Know Your Client (KYC) Definitions
Risk tolerance can be defined as how comfortable you are with fluctuations in the value of your investments. The three risk categories below will assist you in determining your own acceptable level of risk.
- Low: Investors who demonstrate low volatility and are willing to accept lower returns for greater safety of capital. This may include money market funds as well as some fixed income funds.
- Medium: Investors who demonstrate medium volatility and are looking for moderate growth over a longer period of time. This may include balanced funds as well as certain Canadian and U.S. Equity funds.
- High: Investors who demonstrate high volatility, are growth oriented and are willing to accept significant short-term fluctuations in their portfolio value in exchange for potentially higher long-term returns. Examples of this may include labour-sponsored venture capital funds or funds that invest in specific market sectors or geographic areas such as emerging markets and science and technology funds.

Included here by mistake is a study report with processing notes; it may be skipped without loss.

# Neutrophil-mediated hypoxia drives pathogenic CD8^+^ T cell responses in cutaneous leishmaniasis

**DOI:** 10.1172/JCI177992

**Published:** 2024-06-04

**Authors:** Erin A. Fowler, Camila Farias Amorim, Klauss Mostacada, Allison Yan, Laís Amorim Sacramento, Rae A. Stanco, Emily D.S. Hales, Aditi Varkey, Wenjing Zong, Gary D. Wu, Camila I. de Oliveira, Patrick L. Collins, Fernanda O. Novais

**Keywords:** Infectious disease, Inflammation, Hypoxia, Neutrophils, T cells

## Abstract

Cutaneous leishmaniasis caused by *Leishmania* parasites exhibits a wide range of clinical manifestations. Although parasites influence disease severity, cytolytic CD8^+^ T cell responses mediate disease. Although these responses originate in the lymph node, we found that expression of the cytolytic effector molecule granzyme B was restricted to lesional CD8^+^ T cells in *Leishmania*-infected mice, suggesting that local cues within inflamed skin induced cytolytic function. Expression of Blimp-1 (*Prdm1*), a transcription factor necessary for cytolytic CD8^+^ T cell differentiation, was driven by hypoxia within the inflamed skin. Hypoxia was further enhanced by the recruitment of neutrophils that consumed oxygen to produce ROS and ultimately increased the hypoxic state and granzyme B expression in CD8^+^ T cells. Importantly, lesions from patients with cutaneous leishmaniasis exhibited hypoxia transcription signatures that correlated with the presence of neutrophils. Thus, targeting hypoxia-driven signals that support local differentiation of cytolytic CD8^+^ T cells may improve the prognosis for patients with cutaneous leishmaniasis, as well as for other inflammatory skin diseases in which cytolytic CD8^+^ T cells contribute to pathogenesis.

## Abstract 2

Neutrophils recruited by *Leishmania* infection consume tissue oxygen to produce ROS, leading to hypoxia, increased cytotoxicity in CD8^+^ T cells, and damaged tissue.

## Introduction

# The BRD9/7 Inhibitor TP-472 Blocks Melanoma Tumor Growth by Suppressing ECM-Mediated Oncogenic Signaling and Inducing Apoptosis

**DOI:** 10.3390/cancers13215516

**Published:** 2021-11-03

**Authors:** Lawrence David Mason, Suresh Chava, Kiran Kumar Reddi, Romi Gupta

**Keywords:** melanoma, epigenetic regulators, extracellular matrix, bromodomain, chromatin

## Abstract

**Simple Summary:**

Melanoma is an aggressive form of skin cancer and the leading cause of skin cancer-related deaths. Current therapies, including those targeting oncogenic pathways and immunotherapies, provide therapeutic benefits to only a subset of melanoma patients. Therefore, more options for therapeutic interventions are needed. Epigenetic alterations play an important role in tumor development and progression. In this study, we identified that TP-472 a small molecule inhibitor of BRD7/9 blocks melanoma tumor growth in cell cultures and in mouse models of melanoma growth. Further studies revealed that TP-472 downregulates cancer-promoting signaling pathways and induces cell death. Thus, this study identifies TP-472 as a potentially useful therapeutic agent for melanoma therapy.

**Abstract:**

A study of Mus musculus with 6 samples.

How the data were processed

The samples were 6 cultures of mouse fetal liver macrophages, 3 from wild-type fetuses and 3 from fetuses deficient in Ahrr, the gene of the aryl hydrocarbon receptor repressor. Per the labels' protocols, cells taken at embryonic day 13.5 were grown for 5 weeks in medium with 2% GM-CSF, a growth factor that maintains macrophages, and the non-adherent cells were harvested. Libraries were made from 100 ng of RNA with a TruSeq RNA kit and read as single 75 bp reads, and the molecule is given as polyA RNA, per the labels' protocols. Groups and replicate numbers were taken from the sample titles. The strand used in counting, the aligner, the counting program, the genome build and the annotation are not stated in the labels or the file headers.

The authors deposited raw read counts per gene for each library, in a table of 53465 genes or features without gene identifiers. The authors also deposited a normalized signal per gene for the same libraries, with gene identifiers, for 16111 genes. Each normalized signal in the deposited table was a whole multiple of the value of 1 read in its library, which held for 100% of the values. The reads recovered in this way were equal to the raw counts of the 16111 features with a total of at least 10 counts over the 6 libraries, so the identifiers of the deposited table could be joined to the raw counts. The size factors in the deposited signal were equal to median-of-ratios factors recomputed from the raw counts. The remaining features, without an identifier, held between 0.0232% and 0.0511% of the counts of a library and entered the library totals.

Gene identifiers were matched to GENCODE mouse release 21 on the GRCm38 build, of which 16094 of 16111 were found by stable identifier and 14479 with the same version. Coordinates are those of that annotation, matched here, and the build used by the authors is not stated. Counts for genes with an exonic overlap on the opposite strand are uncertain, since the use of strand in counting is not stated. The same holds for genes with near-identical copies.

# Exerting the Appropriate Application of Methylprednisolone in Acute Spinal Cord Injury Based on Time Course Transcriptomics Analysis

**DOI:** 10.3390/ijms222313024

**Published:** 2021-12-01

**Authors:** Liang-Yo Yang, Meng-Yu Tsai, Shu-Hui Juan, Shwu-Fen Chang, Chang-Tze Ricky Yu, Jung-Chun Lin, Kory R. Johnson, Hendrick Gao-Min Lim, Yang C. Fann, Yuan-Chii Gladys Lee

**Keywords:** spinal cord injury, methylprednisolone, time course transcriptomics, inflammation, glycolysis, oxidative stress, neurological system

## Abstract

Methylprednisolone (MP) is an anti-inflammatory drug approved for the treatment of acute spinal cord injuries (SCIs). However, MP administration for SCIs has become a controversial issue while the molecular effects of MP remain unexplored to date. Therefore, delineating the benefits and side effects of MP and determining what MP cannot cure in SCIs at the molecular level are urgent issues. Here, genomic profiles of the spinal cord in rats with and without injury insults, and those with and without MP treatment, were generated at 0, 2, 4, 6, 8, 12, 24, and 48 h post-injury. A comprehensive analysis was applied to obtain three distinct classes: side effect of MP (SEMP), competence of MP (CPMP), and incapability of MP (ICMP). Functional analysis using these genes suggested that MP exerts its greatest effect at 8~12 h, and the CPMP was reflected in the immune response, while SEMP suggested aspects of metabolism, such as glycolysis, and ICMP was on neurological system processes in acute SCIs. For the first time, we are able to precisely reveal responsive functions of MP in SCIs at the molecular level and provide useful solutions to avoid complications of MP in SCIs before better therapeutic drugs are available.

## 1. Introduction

Income: Your objective is to generate current income from your investments and you are less concerned with capital appreciation.
- Investments that will satisfy this objective include fixed income investments such as funds that invest in bond or money market instruments.
Medium term: You are seeking a combination of income and growth by investing in fixed income securities and equity funds.
- An account with growth and income objectives will typically hold at least 40% in fixed income investments and 60% in equity mutual funds.
Long-term growth: You are seeking capital appreciation over the long term and current income is not a requirement.
- This may lead you to hold a relatively high proportion of funds that invest in equities if you also have a higher risk tolerance and long-term time horizon.
Time Horizon is the period between now and the point when you will need to access a significant portion of the money you have accumulated.
Your Net Worth is calculated as estimated liquid assets (i.e. investments, cash) plus fixed assets (i.e. real estate, registered plan assets) less estimated liabilities (i.e. mortgage, car loan).